Bitcoin and ethereum fell around 20% today, with nearly all other digital currencies in complete red as their total market cap falls below $100 billion.
The dive appears to have mainly been caused by bitcoin as the currency faces heightened uncertainty over its future following a statement by Bitmain, one of bitcoin’s biggest miner, that they will hardfork on August the 1st if the flag day soft fork known as UASF goes ahead.
That means the currency may split into two, which would likely create some short term chaos, so in anticipation bitcoin investors appear to be divesting, sending its price down by nearly $1,000, currently trading at $2,200 as of writing.
In the process, ethereum seems to have been dragged down too, with the currency falling by nearly $100, currently trading at $308, a high it reached just two-three days ago.
The two currencies have been moving downwards in sync, as if they’re one, in what appears to be a perfect correlation of sorts.
Meanwhile, the bitcoin ethereum trading pair on Poloniex shows a nearly perfect straight line during the same time range even though both currencies have plunged.
That means what is probably happening here is bots. The arbitrage bots are probably in frenzy, likely selling eth at any movement of bitcoin, sending its dollar pair down while keeping its btc ratio flatline.
But can that really be true considering the ETH/BTC pair is fourth by trading volume for ethereum, although it is first for bitcoin?
Logically you’d think all the fiat pairs would in combination have far greater influence, but arbitrage can be free money. Moreover, the arbitrage between eth, btc and usd is probably the most liquid and easiest, potentially explaining why that trading pair remains strong.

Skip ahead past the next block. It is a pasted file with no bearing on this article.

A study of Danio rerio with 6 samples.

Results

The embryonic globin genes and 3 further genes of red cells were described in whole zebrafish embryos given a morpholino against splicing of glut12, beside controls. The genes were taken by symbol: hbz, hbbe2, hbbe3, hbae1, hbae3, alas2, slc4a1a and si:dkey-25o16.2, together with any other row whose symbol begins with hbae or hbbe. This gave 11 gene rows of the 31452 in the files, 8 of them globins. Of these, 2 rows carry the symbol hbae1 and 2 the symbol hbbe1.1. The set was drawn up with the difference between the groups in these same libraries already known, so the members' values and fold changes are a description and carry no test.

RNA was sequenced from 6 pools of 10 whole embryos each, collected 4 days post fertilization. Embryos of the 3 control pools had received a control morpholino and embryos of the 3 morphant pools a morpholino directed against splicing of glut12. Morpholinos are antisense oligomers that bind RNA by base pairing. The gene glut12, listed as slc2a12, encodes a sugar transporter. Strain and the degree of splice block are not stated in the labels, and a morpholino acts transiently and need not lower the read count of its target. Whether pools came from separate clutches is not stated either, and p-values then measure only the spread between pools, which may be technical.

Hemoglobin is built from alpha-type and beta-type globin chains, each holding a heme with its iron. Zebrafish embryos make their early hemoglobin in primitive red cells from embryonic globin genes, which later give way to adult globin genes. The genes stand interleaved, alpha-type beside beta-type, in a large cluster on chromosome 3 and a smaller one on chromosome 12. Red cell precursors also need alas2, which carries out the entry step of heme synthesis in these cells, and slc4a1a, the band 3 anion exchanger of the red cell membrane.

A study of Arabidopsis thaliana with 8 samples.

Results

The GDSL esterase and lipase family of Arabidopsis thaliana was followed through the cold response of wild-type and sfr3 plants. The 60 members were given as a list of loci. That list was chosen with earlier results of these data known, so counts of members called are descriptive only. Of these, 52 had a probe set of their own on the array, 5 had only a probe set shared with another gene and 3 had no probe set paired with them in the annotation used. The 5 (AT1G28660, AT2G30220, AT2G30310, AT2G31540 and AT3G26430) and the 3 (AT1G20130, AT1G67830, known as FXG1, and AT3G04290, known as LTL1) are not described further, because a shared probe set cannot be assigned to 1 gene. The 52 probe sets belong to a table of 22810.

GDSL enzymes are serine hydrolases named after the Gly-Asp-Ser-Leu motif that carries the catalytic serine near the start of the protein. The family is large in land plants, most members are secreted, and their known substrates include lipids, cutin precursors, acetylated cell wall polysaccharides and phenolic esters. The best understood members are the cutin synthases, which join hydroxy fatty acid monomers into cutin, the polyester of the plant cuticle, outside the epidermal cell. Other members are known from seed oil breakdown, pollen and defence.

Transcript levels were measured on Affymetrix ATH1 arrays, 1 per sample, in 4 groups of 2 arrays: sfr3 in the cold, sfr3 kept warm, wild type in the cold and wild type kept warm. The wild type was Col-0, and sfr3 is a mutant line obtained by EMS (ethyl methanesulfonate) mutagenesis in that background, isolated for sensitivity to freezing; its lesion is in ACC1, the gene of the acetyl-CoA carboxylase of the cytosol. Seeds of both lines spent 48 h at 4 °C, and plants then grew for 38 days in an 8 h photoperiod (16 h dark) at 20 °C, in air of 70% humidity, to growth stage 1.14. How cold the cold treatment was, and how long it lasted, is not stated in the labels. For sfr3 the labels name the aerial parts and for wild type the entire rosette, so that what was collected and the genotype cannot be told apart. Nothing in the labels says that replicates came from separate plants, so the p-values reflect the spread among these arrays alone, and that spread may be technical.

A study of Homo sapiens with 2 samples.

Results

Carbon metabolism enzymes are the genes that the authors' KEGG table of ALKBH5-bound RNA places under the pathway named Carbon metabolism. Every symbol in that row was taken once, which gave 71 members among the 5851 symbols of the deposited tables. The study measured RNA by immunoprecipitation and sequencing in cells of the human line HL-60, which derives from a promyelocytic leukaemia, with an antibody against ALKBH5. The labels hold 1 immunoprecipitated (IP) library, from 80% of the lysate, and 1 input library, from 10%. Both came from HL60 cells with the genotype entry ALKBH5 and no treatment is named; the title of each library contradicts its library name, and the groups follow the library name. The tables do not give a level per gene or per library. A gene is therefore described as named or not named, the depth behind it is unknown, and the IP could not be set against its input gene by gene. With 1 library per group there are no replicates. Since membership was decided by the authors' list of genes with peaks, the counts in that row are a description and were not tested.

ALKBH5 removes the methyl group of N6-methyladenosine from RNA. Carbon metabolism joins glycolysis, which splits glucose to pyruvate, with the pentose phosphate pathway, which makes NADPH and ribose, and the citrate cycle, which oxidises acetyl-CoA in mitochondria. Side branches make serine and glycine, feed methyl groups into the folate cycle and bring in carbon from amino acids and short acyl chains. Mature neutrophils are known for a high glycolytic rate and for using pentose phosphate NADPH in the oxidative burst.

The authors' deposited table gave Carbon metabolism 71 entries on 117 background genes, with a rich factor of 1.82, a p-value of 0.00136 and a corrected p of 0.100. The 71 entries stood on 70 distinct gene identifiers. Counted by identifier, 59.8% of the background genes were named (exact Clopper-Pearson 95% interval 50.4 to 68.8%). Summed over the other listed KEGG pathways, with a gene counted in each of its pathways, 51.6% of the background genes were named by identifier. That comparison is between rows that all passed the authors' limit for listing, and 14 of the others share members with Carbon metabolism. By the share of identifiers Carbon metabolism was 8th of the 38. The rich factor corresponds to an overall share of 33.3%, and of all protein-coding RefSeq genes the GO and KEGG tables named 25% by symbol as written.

If that is indeed the case, then there seem to be two opposing currents running. Ethereum has been pushing up all digital currencies, including bitcoin, as shown by the market cap of all digital currencies always increasing when eth rises.
Bitcoin, on the other hand, has been dragging them all down, including eth, lowering the market cap of all digital currencies when it falls, while maintaining it unchanged when it rises.
As such, it may well be the case that rather than bitcoin going mainstream or Japan declaring it as legal tender, the currency may have been kept afloat and even sent up by none other than Ethereum.
That is mainly because while bitcoin’s and ethereum’s trading volumes are nearly the same, the vast majority of bitcoin’s trading volume is with altcoin pairs, while the vast majority for ethereum is with fiat pairs. Suggesting most of the new money is coming from and to ethereum.
However, there may be other factors. Institutional investors may have been moving into bitcoin, although most probably they would have diversified with ethereum.
Bitcoin has gone fully mainstream in name recognition, which may have been a contributing factor, while ethereum largely remains unknown. But after the ETF rejection bitcoin did not really have anything going for it and plenty going against it, while Ethereum at that point started dreaming of disrupting all industries, including bitcoin.
One final explanation may be that both currencies simply had enough of rising up, but since nothing has changed in ethereum except for the better, there appears no reason why it would not maintain value, and even continue gaining value against bitcoin.
Whether it will do so remains to be seen in the short term as the race between bitcoin and ethereum continues.